I think that essentially that it does not, although it has been "misunderstood" by certain agencies such as the NSA to justify the violation of civil rights.
Then again, it becomes an issues of WHO we are spying on: do we want NSA looking at the type of porn we are viewing at the web, or do we want them looking at known terrorists and their communications networks? I vote for them looking at the terrorists.
So, by limiting civil rights violations to the individuals that are likely to be enemies of society, we minimize the number of people affect by the government's actions and we limit the negative consequences of the government's actions ( while also potentially limiting the suspected terrorists actions to cause negative consequences).
The hedonistic calculus changes when the government uses a shotgun-effect "bulk collection" model; the number of people affected is maximized in relation to the preventive consequences; in addition, we add a new negative consequence, the loss of trust in the government by the governed.
So we would use utilitarian theory to show a greater benefit from selectively violating civil rights in the case of an individual terror suspect, while using utilitarian theory to shower a greater harm from violating civil rights using "bulk collection" methods.
Durchin, S. (2015, January 13). “All that is necessary for evil to triumph is for good men to do nothing” . Grad School Fool. Retrieved May 13, 2015 from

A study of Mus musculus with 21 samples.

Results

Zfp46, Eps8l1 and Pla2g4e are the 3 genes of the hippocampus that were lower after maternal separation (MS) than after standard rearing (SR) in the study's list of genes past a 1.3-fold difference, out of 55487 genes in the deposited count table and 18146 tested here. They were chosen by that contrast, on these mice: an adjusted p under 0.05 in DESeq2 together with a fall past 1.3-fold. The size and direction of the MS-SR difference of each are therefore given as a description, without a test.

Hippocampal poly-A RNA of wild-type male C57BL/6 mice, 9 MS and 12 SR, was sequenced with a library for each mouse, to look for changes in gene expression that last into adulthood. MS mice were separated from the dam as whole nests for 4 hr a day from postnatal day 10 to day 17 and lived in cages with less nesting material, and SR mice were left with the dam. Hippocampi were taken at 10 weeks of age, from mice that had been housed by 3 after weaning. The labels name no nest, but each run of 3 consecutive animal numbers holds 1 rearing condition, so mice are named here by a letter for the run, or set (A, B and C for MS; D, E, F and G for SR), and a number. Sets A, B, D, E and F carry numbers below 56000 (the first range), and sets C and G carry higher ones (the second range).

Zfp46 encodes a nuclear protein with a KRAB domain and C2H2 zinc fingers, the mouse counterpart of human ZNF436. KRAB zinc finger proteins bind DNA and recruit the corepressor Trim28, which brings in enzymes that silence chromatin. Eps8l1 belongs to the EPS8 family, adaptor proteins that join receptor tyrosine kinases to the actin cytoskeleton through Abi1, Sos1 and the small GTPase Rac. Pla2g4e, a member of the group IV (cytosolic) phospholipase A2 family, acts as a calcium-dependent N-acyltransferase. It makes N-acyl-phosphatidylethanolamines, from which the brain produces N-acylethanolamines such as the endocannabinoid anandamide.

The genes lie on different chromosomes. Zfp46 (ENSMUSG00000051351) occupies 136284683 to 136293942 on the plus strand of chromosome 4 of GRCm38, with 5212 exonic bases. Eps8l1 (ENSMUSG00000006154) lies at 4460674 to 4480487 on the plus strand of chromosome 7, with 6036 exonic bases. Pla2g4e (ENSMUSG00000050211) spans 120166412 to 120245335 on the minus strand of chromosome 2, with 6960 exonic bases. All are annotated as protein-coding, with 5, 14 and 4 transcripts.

A clear definition of law to the point of WHO can be considered a terrorist, and HOW terror suspects can be legally treated.
When possible, the capture of and enhanced interrogation of terror suspects.
Retribution against state entities supporting terror organizations.
In the 50's the FBI was pretty free to operate against subversives, in terms of aggressive operations and in surveillance. Over the course of the 60's, the national mood started changing. By the 1970's, when the public was made aware of the debatable excesses and the actual excesses of COINTELPRO, and the extreme excesses of CHAOS; this caused a backlash against the intelligence services and severe restrictions on their ability to operate. Not much happened in the 80's and 90's that wasn't able to be handled (but not much happened at all, comparatively to other time periods).
9/11 pushed the pendulum back towards allowing the intelligence services some leeway. The NSA spying scandal demonstrates it doesn't take too long for that pendulum to swing all the way! Hopefully, we as a society don't overreact to that situation and hobble our spies again.